Requiem and Lo, the Full, Final Sacrifice

  • Posted on: 31 March 2017
  • By: richard

The large audience at the ancient church of St Mary’s, Standon were taken on a reflective and emotional journey during the RCS Spring Concert. Conductor Andrew O’Brien showed his deep understanding of English choral music and through his inspiring direction coaxed the most exquisite dynamic contrasts from both the choir and the Haileybury Consort.

The programme opened with the hushed strains of Stainer’s ‘God so loved the world’, the choir responding readily to Andrew’s meticulous attention to detail and giving this familiar piece a new freshness. Bullock’s ‘Give us the wings of faith’ was interpreted with appropriate drama and the choir reached a ‘promised rest’ that was ethereal. Who could fail to be uplifted by John Ireland’s ‘Greater love hath no man’? We enjoyed solos from young performers Thomas Scrope and Hugh Reid and the choir took us dramatically ‘out of darkness’ into ‘His marvelous light’.

Not only did organist James Perkins provide expert and beautifully crafted accompaniment throughout the concert but he also treated us to Howells’ organ solo ‘Paen’, which he executed with rarely heard proficiency and exuberance.

The first half ended with Finzi’s extended anthem ‘Lo the full, final sacrifice’. What tremendous interaction there was between organ and voices, particularly special moments being the poignant treble solo ‘Live ever, Bread of loves and be my life, my soul, my surer self to me’, a duet from two young Haileybury choristers, Harry Pearce and Michael Ochman-Bates and the consoling ‘Amen' sung gently and mystically by the choir.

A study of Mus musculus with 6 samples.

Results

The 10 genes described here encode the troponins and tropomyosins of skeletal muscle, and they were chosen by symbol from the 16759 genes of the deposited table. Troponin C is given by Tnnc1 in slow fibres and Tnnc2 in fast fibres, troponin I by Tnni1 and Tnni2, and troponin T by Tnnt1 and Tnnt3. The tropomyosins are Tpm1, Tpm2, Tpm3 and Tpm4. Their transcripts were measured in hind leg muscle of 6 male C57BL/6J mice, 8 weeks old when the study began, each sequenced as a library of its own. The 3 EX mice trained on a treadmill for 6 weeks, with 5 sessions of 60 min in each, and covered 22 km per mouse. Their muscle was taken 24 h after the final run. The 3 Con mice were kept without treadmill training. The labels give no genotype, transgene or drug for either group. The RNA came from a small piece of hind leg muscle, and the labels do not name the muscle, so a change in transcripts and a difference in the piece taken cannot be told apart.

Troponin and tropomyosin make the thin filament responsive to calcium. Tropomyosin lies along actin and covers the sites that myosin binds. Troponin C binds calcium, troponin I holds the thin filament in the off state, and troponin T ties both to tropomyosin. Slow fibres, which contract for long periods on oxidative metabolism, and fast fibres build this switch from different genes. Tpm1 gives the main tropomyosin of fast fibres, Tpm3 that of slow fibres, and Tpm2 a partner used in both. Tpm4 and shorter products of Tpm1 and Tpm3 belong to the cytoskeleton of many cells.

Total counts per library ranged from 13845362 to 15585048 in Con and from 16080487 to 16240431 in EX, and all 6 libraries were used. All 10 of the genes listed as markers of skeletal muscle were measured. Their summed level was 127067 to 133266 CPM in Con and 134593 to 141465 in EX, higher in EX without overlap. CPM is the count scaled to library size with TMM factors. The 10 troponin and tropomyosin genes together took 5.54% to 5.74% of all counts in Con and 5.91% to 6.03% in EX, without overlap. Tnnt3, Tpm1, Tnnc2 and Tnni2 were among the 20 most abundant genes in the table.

The second half of the concert was devoted to Rutter’s Requiem, delivered with conviction and sensitivity. The Haileybury Consort joined the choir in this intimate performance and the audience were drawn in to share in the music. Young soprano, Amelie Watmough sang with confidence and clarity as she soared effortlessly to the top notes in ‘Pie Jesu’. This concert enabled us to glimpse something of the ‘eternal light’. I look forward to sharing more musical adventures with this choir under its dynamic director.